A World War II Soviet women's camouflaged sniper uniform is displayed with a sniper rifle in an exhibit called "Women in WWII: On the Home Fronts and the Battlefronts" at The International Museum of World War II, in Natick, Massachusetts. (Photo: Steven Senne / AP)
The terrors of World War II impacted most of the world's women, both on the home and battlefronts.
A new exhibition opening Friday at the International Museum of World War II in Natick, Massachusetts, highlights just that — the important and sometimes unconventional roles women took on during the war.
"It's about the human story," founder Kenneth Rendell explains. "We're thrilled to have the opportunity to showcase and honour women's service to the war effort."
"Women in WWII: On the Home Fronts and the Battlefronts" is composed of more than 100 artifacts from the US, Soviet Union, Germany, Japan, France and Great Britain.
In the Soviet Union, 400 000 women drafted as "Red Army girls" filled roles as doctors and even snipers. One photograph shows para-nurses jumping out of a plane into a war zone, strapped with medical supplies to save wounded soldiers.
Kathryn Bernheim became one of 27 American women chosen by the Army Air Force in 1942 to ferry planes in the Women's Auxiliary Ferrying Service programme. As a civilian with more than 1 000 hours of flight experience, Bernheim flew aircraft like the P-47 Thunderbolt, relieving men for combat flying until politics ended the program in 1944. The exhibit showcases her flight jacket, dress uniform and a photo of a smiling Bernheim looking at a map.
Not all women had such dramatic roles, but millions across the US served as postal workers, trash collectors and manufacturers, roles previously held by men.
Fern Corbett, 24, working as a window washer 10 floors above a Minneapolis street during World War II. (Photo: Steven Senne / AP)
Some women could not risk being as visible in their daring new roles. Female members of the French resistance would load forbidden radios and weapons into the secret compartment of a baby carriage, like one showcased in the collection, risking their lives walking past Nazi occupiers.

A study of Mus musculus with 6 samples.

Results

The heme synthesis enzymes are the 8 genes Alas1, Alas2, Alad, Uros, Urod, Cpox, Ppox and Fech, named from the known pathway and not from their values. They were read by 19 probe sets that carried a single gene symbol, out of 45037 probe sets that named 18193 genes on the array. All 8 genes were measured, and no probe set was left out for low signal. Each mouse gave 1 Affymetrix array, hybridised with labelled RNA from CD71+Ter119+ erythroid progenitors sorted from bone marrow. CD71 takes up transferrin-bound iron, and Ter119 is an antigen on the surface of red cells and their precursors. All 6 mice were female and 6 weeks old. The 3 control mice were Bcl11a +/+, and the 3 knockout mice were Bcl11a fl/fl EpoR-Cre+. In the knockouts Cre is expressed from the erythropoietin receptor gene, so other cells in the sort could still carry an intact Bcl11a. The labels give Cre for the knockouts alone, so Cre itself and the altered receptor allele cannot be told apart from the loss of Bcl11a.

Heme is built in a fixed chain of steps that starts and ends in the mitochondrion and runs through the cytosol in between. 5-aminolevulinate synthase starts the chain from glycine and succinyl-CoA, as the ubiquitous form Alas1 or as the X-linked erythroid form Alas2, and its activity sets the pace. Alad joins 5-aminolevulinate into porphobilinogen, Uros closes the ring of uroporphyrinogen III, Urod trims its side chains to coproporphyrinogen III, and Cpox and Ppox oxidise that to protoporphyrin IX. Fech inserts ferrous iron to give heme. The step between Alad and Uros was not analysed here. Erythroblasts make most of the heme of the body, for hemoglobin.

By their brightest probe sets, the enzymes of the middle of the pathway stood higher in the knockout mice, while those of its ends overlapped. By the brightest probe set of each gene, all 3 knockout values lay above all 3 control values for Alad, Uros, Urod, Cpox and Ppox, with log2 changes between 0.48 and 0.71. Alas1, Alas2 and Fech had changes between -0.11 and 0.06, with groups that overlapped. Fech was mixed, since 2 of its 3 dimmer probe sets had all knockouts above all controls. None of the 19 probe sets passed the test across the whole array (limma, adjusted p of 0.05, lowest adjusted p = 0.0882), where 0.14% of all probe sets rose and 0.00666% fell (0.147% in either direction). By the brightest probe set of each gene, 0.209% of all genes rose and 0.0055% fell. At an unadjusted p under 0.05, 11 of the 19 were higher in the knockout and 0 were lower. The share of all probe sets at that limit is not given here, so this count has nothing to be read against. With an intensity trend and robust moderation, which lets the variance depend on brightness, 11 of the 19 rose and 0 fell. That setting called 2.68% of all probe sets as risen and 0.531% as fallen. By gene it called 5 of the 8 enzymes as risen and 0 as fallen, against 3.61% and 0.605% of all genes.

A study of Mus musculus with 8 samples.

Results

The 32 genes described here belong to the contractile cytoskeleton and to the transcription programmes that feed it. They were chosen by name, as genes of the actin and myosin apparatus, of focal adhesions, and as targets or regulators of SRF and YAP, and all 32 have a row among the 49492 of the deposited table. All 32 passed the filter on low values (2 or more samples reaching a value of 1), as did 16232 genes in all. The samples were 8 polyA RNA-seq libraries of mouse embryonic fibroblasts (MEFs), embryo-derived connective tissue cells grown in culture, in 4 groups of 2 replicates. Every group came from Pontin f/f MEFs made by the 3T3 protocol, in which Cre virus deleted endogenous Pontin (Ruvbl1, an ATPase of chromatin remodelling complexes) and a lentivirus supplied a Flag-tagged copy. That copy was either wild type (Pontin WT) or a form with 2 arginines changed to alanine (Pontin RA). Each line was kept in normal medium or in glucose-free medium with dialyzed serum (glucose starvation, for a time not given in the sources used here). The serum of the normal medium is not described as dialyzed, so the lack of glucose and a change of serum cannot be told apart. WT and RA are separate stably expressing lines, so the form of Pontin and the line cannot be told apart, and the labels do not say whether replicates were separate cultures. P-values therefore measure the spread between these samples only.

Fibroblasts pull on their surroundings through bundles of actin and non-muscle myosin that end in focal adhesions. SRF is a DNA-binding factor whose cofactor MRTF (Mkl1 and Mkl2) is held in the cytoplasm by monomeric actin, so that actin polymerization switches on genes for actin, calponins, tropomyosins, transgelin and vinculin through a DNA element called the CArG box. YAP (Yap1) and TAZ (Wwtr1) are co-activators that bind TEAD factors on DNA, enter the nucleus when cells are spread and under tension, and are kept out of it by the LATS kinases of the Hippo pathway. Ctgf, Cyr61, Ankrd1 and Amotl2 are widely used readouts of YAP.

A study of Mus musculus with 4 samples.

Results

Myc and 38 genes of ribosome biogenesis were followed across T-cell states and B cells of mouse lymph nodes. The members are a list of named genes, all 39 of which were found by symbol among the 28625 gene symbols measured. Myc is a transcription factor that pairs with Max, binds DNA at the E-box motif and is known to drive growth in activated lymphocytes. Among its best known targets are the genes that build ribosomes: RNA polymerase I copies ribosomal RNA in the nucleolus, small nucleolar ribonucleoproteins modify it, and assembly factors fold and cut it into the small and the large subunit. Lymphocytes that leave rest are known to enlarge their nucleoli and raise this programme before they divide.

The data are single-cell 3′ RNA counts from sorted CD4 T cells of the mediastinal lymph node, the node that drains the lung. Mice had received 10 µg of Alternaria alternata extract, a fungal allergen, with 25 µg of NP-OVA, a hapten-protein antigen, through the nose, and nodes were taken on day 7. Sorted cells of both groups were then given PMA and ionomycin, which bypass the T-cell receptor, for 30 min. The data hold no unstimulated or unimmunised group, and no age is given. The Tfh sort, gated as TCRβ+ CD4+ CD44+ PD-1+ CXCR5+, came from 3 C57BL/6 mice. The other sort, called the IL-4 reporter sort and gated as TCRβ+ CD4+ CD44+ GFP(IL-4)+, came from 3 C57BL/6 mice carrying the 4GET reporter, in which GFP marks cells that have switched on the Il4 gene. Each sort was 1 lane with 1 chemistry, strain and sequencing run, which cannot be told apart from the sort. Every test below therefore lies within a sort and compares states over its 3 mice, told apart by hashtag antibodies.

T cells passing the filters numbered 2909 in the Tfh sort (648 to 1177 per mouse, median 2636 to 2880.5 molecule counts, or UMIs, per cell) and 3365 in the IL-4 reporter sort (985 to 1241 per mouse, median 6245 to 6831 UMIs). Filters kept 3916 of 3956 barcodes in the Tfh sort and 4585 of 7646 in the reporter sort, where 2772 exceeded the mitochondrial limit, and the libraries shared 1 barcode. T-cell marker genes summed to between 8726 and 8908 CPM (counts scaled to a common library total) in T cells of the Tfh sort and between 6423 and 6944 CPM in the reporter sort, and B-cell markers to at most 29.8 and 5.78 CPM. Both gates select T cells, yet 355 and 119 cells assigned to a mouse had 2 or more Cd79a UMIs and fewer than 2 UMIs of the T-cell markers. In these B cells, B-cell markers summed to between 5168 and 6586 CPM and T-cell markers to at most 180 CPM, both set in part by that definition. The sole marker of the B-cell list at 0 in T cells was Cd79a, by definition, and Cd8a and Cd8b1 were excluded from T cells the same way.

World War II Soviet women's camouflaged sniper uniform is displayed with a sniper rifle in an exhibit called "Women in WWII: On the Home Fronts and the Battlefronts" at The International Museum of World War II. (Photo: Steven Senne / AP)
Also included in the exhibit is a light green uniform labelled "Lebensborn." The frock was worn by women associated with the Nazi group tasked with raising the birth rate of Aryan children. The women worked at centers that provided free health care to unmarried mothers often impregnated by SS officers. Many children were adopted by other SS members and their families.
World War II-era, black-and-white photograph of French student Simone Billard is attached to a fake identity card created by the French Resistance in an exhibit called "Women in WWII: On the Home Fronts and the Battlefronts" at The International Museum of World War II. (Photo: Steven Senne / AP)
The philosophy of women dedicating their bodies and minds to the Third Reich is even more apparent in three swastika-emblazoned crosses. Women who bore four to five children received a bronze cross; six to seven a silver. Those who birthed eight or more children received a golden cross from Adolf Hitler.
"The Nazis wanted women to be wives and mothers. You see photos of women doing outdoor tasks in great physical shape — this was not so they could fight, but so they could bear children," says Sue Wilkins, the museum's education director.
Sue Wilkins, director of education at The International Museum of World War II, stands near a 1933 propaganda poster, right, that praised the Nazi organisation German Labour Front, which was created after the Nazis eliminated trade unions. (Photo: Steven Senne / AP)
A British World War II recruitment poster, left, created by graphic designer Abram Games, to encourage women to join the Auxiliary Territorial Service, forms part of a new exhibit called "Women in WWII: On the Home Fronts and the Battlefronts" at The International Museum of World War II. (Photo: Steven Senne / AP)
The exhibition is on display through to 7 October.